State Sen. Chris McDaniel announces that he is running for lieutenant governor during a press conference at the Mississippi Republican Party Headquarters in Jackson, Miss., January 30, 2023. Credit: Eric Shelton/Mississippi Today

Chris McDaniel is challenging incumbent Republican Lt. Gov. Delbert Hosemann to a series of debates ahead of the Aug. 8 GOP primary.

“Mississippi voters deserve the chance to hear directly from the candidates running to represent them in Jackson,” McDaniel, a four-term state senator, said. “… I hope Delbert Hosemann will join me and provide Mississippi voters with transparency on where his values and priorities are.”

Hosemann campaign spokeswoman Leah Rupp Smith in a statement responded: “We have already been to candidate forums, one with all lieutenant governor candidates, and others are planned in the future.”

Conventional campaign wisdom is for an incumbent frontrunner, particularly one with a wide-margin lead in fundraising and-or name recognition to shy away from debates that could give a little-known insurgent a toe hold. But McDaniel is well known to voters from unsuccessful but notable runs for U.S. Senate and he could make hay if Hosemann refuses to debate. Voters tend to expect debates in top-ticket races such as for lieutenant governor and governor.

Last cycle, Hosemann and his Democratic opponent, then-state Rep. Jay Hughes, had a televised debate in Hosemann’s successful first run for lieutenant governor.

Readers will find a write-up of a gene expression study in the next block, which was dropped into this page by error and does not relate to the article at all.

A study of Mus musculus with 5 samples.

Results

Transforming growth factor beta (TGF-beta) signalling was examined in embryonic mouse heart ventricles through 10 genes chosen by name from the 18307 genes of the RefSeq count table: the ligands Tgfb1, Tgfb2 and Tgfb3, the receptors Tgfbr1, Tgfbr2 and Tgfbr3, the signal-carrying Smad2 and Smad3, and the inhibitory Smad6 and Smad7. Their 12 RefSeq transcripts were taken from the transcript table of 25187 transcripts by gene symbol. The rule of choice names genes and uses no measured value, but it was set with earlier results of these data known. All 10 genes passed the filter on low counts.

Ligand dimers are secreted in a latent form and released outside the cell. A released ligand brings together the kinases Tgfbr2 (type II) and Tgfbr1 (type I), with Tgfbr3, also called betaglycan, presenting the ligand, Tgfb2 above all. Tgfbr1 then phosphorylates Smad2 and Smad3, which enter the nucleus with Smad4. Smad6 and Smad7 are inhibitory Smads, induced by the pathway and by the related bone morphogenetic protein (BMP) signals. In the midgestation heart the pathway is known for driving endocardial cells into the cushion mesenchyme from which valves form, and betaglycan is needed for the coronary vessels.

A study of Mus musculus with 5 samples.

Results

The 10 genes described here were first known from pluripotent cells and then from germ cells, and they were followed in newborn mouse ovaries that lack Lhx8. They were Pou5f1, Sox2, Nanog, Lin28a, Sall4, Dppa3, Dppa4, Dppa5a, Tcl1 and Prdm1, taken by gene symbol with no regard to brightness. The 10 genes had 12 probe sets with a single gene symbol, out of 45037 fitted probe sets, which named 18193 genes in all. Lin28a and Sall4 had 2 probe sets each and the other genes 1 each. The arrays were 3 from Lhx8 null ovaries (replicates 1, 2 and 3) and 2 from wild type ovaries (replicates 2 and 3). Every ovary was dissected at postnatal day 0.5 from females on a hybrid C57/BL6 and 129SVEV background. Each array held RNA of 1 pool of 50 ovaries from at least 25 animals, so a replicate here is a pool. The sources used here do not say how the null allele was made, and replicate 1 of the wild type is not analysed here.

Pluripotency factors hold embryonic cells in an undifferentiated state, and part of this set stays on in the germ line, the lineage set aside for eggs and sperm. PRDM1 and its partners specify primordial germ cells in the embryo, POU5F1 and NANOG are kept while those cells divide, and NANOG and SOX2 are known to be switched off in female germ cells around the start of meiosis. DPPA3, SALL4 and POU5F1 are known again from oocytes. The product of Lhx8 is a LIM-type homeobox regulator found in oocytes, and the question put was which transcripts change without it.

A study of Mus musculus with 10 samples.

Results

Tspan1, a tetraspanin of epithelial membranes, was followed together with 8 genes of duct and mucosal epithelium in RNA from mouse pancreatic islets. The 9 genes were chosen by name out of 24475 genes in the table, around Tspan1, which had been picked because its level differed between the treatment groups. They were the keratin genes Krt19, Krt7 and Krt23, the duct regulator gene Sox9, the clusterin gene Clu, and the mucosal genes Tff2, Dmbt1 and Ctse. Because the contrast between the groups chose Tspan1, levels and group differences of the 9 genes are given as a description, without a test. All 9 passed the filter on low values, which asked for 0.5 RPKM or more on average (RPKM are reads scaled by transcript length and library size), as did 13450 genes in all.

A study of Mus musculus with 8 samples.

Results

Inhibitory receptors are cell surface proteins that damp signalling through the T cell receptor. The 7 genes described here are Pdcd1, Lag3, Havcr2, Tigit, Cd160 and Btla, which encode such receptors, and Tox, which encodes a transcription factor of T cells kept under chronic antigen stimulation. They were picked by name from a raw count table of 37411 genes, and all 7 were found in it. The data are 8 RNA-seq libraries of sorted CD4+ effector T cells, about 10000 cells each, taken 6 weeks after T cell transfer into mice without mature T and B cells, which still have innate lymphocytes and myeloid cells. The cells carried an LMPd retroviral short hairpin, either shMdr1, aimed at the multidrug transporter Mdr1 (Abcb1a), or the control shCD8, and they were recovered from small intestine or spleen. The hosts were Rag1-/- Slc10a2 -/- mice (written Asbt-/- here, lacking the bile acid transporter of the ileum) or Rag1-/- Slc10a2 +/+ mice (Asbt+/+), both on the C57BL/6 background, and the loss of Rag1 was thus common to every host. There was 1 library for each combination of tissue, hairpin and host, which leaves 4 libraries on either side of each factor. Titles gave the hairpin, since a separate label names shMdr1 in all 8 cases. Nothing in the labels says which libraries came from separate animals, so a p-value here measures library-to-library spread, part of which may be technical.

READ MORE: Hosemann, Hughes agree a lot during debate; neither will work to legislatively change flag

News in the GOP primary race for lieutenant governor has thus far been dominated by Hosemann’s claims that McDaniel’s campaign and a PAC he created violated campaign finance laws with improper reporting and large donations from an out-of-state dark money group, most of which McDaniel has reported he returned.

READ MORE: Chris McDaniel’s reports deny accurate public accounting of campaign money

McDaniel in a letter to Hosemann asked him to participate in debates — “a staple of American elections and key to the Democratic process.” He posted the letter on social media and said, “Enough of Delbert ‘the Democrat’ and his nonsense political games. It’s time to talk about the issues impacting Mississippi voters everyday.”

McDaniel is proposing holding televised debates in Jackson, Tupelo, Gulfport-Biloxi, the Pine Belt, DeSoto, and also having one at the Neshoba County Fair.